Varnish is applied either as a clear finish or as a topcoat finish over a stained-wood project. It is a traditional and durable finish. The process of applying varnish over bare wood or stained wood is the same. It involves careful preparation and attention to detail. The surface of the wood must be completely free of dust. Even the slightest bit of dust will show in the final coat of varnish. The door should be removed from its hinges and placed on a work surface for the most effective finish.
Remove the pins from the door, using a flat head screwdriver. Remove the hinges and other hardware. Set the hardware aside.
Go over the door lightly with 180-grit sandpaper, working with the grain of the wood. Do not sand through any stain or other treatment on the door.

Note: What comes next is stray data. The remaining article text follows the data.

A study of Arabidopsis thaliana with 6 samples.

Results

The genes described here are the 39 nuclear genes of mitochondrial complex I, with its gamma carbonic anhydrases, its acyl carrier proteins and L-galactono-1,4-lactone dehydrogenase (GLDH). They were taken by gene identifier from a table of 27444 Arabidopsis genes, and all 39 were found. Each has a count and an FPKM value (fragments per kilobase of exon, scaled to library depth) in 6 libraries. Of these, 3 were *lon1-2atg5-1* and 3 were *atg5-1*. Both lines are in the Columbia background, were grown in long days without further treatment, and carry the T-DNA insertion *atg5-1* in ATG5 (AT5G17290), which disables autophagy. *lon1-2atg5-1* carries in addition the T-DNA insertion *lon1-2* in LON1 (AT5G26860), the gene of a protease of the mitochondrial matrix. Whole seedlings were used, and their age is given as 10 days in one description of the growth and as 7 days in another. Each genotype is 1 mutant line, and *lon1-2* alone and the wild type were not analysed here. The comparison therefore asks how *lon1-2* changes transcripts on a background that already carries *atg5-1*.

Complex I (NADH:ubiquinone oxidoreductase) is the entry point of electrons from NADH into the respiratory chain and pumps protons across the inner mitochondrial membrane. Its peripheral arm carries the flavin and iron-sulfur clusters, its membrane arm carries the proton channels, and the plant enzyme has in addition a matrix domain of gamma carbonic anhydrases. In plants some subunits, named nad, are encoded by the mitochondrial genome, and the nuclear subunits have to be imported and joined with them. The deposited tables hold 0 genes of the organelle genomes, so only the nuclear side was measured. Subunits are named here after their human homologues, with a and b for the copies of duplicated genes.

Wipe the door down with a tack cloth to remove all dust.
Pour the varnish through a paint strainer and into a paint cup. Varnishes typically have sediments that must be removed prior to application.
Brush an even coat on the door with a varnish brush. Go with the grain of the wood. Allow the varnish to dry for 24 hours.
Sand the first coat on the door lightly with 180-grit sandpaper, going with the grain of the wood. Wipe the door down with a tack cloth.
Apply a second coat of varnish. Allow the varnish to dry for 72 hours.
Reattach the hinges and other hardware, using a screwdriver. Hold the door in place in the door opening. Line up the hinges and insert the pins in the hinges.
Thin, even coats of varnish will produce a more effective finish than one thick coat.
Wear eye protection when you're sanding wooden doors. Apply varnish in a well ventilated area.
Tips and warnings
- Thin, even coats of varnish will produce a more effective finish than one thick coat.
- Wear eye protection when you're sanding wooden doors. Apply varnish in a well ventilated area.